Book Review : Hard Sentences - Crime Fiction Inspired by Alcatraz (2017)
Do I care about Alcatraz at all?
It's what I asked myself when I was offered a review copy of short story anthology Hard Sentences : Crime Fiction Inspired by Alcatraz by its co-editor, literary terrorist David James Keaton. I don't know much about it. It's a famous prison. People deemed it inescapable because it was (and still is, I suppose) located on an island surrounded by sharks. Al Capone was incarcerated there for some time. That's it. So, I suppose it didn't interest me all that much. But I said yes to Keaton anyway. Because he's like that cousin you can't say no to that your mother didn't want around. So, could HE (and Joe Clifford) make Alcatraz interesting?
Interesting isn't the work I would use. Unexpected would be more suiting.
Alcatraz, State of Mind
The only reference I had for fiction inspired by Alcatraz prior to reading this anthology is the movie Escape from Alcatraz, starring Clint Eastwood. The stories in Hard Sentences : Crime Fiction Inspired by Alcatraz aren't anything like it. They're about people in prison, alright. Some of the stories are about people escaping, but I was surprised how much of an abstraction the actual prison was in many of them. And I suspect this reflects the reality of incarceration quite accurately. Alcatraz is not mentioned by name a lot. The majority of character don't dwell on their reasons of their incarceration or don't do it too long. The prison is either their entire world or this challenge they think of in their own terms. They don't think of themselves as fugitives. I thought that alone gave Hard Sentences : Crime Fiction Inspired by Alcatraz a strong identity.
Chaplinsky, Gray, Sparks, Rhyne and the Others
My favorite story in Hard Sentences : Crime Fiction Inspired by Alcatraz was Joshua Chaplinsky's moody and atmospheric The Ghosts of 14D. It's about an inmate losing his mind in the stillness and darkness of mid-century incarceration, like death was taking a down payment on him. It's not the first time Chaplinsky freaks me out. That guy is good. Glenn Gray's opener Break made me realize how much I missed the medical obsessions that inform his fiction. Not only Break has a brutal scientific accuracy to it, but it's protagonist brutal, self-sacrificing resolve give an otherwise super informative story a visceral edge to it. I've greatly enjoyed this story, but I enjoy most of what Glenn Gray does. These were quite straightforward incarceration stories, though. They explored different aspects of it, but prison is the backbone of both narratives. Hard Sentences : Crime Fiction Inspired by Alcatraz is about much more than that.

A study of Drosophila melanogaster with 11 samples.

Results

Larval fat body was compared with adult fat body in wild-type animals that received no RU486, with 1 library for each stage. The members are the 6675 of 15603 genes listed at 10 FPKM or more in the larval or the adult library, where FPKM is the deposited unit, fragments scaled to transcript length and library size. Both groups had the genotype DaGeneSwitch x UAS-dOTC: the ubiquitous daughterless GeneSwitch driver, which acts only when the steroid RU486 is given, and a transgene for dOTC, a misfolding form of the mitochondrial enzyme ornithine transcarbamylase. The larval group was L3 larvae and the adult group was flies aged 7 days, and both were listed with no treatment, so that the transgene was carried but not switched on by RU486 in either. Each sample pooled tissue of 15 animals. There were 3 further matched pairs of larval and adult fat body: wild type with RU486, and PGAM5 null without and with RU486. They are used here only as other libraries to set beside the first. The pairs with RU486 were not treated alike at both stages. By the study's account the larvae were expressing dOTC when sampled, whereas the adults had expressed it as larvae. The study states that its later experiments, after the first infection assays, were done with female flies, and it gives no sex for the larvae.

Some inmates say the beating if your heart is the closest thing to a ticking clock. That's why they call it a ticker. That, and it's like the timer on a bomb, counting down, only you have no idea when it will explode. (Joshua Chaplinsky, The Ghosts of 14D)
Amber Sparks' The Children and the Gardener is another gorgeous piece in this short story anthology. What I like about it is that it doesn't treat incarceration as some kind of damnation. It explores the other side of the tunnel, which is quite uncommon for prison stories. Leah Rhyne's The Music Box was another stand out in the collection. It was appropriately graceful and tragic. Other stories I think stood out on the collection were: Nick Mamatas' Being Whitey, Jedidiah Ayres' Clean Shot, Max Booth III's atypical Roller Canary and, for better or worse, Nick Kolakowski's Live at Alcatraz, which I thought was a great idea but somehow of a missed opportunity. The idea of a Johnny Cash lost Alcatraz concert is amazing, but I thought the story put the Man in Black on too much of a pedestal. There could've been a hundred eerier reasons why the concert became a lost to popular culture. It was a fun and memorable concept nonetheless.
Is Alcatraz interesting?
It's a tentative yes? The stories of Hard Sentences : Crime Fiction Inspired by Alcatraz are definitely not for everybody. My natural curiosity lead me through it and I came across pleasant surprises. But you gotta be in the mood for prison stories and that's a rather precise mood to be in. Keaton and Clifford put together a sweeping portrait of the Alcatraz experience, though and if you decided to crack this baby open, you're bound to find something of your liking or something that transcends you idea of what prison stories can be. Hard Sentences : Crime Fiction Inspired by Alcatraz is fun and unpredictable. Voracious readers like me will enjoy it. Otherwise it's a great tool to understand not what prison is, but what prison means to people involved with it.